The first box containing the Johnson & Johnson COVID-19 vaccine heads down the conveyor to an awaiting transport truck at the McKesson facility in Shepherdsville, Ky., Monday, March 1, 2021.
Timothy D. Easley
Associated Press
The first box containing the Johnson & Johnson COVID-19 vaccine heads down the conveyor to an awaiting transport truck at the McKesson facility in Shepherdsville, Ky., Monday, March 1, 2021.

Ohio providers are preparing to distribute more COVID-19 vaccines this week than ever.

The U.S. Food and Drug Administration (FDA) authorized the COVID-19 vaccine developed by pharmaceutical company Johnson & Johnson for emergency use authorization over the weekend, and 96,100 doses are headed to Ohio this week, Gov. Mike DeWine said in a press conference Monday.

The state also is getting more shipments of vaccine from Pfizer and Moderna, bringing this week's total shipment to 450,000.

Unlike the Pfizer and Moderna versions, the Johnson & Johnson vaccine requires just one dose, not two, and can be stored more easily. That makes for an easier distribution process, said Summit County Health commissioner Donna Skoda.

“It’s easier to handle, honestly,” Skoda said. “It does not have the severe temperature restriction, so we’re able to give it out and to do more with that vaccine.”

Health departments will receive small supplies of the new vaccines for the next couple of weeks, Skoda said. Summit County health officials will likely prioritize these shots for individuals who are homebound, or who may be difficult to reach, she said.

“Any time there is a group that you’re concerned about reaching out again for that second dose, maybe homeless encampments that move around, it’s better to give that one dose and have that high level of effectiveness,” Skoda said.

The health department does not yet know when to expect its shipments, Skoda said, but in the meantime, officials are getting a head start by reaching out to eligible Summit County residents who are not able to leave their homes.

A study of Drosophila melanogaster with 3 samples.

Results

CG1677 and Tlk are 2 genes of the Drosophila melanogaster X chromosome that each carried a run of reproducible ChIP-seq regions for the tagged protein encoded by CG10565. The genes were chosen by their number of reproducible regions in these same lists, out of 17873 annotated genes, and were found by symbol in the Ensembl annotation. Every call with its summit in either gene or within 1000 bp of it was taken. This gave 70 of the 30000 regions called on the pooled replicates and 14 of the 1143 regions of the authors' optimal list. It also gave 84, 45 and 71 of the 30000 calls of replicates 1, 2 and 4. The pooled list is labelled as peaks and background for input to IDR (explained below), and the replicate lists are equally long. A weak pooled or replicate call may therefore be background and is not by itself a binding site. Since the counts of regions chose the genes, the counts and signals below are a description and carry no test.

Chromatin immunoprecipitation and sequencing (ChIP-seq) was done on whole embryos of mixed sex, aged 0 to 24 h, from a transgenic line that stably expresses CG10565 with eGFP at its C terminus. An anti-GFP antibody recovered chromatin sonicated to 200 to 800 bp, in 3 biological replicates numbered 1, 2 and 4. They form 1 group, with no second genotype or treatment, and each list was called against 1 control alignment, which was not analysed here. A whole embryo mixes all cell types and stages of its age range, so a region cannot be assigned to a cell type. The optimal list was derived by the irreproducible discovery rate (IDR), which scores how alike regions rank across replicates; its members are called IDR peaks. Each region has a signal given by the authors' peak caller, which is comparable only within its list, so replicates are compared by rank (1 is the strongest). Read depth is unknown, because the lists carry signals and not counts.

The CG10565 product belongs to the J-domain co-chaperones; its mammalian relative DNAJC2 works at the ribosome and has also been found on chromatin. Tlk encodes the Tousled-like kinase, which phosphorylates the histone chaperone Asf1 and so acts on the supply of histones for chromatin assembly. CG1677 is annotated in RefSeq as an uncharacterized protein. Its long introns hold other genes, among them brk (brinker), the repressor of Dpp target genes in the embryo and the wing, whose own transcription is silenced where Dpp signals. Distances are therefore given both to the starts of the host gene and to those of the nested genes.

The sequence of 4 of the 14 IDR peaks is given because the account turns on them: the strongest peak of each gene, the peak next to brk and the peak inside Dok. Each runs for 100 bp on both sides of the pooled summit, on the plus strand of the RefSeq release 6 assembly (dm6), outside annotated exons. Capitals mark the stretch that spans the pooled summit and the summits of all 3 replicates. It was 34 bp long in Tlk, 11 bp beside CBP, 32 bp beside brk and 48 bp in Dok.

The Johnson & Johnson vaccine is 66% effective overall in preventing COVID-19 – a lower efficacy than the Pfizer and Moderna vaccines, Skoda said. However, it showed 70 percent efficacy in its U.S. trials and was especially effective at preventing severe COVID cases, she added.

Still, health officials are concerned people may not want to receive the vaccine from Johnson & Johnson because its efficacy rate is lower than the Pfizer and Moderna vaccines, Skoda said.

“When I’ve called people up and said, 'Hey, we’ve got a vaccine for you,’ the first thing they ask is, ‘Which one?’” she said. “We know it’s going to come up… We have to explain it to folks. We have to be able to tell people no, they’re all effective. They were all equally effective in preventing people from getting really sick.”

Patients will not be able to choose which vaccine they receive, she said.

A spokesperson for the Cuyahoga County Board of Health told ideastream they do not yet have details about how the Johnson & Johnson vaccine will be incorporated into current distribution.

The Cuyahoga County health department continues to administer second doses to front line health care workers and first responders, and recently opened up appointments for individuals over the age of 65 and those with certain underlying medical conditions.

In addition to local health departments, Johnson & Johnson shipments will go to hospitals and pharmacies throughout the state, DeWine said. This is the first time in Ohio’s vaccine rollout that independent pharmacies will have access to COVID-19 vaccines, he said.

The inclusion of more providers will further speed up the state’s vaccine distribution, Skoda said.

“The more [providers] that have it, the better off,” she said. “That way, people can have a choice as to where they want to go, and it can be somebody that they have a trusted relationship with.”

With Ohio receiving its largest-ever number of vaccine doses this week, the state also expanded its eligibility requirements to include more people who are at a higher risk of getting a severe case of COVID-19, such as pregnant women and individuals with Type I diabetes, as well as police officers, funeral services employees and child care workers.

What questions do you have about the COVID-19 vaccine and Ohio's rollout? Ask below as part of our Curious Cbus series.


Anna joined ideastream in 2019, where she reports on health news for WCPN and WVIZ in Cleveland. She has also served as an associate producer for NewsDepth. Before that, Anna was a 2019 Carnegie-Knight News21 fellow at Arizona State University's Walter Cronkite School of Journalism.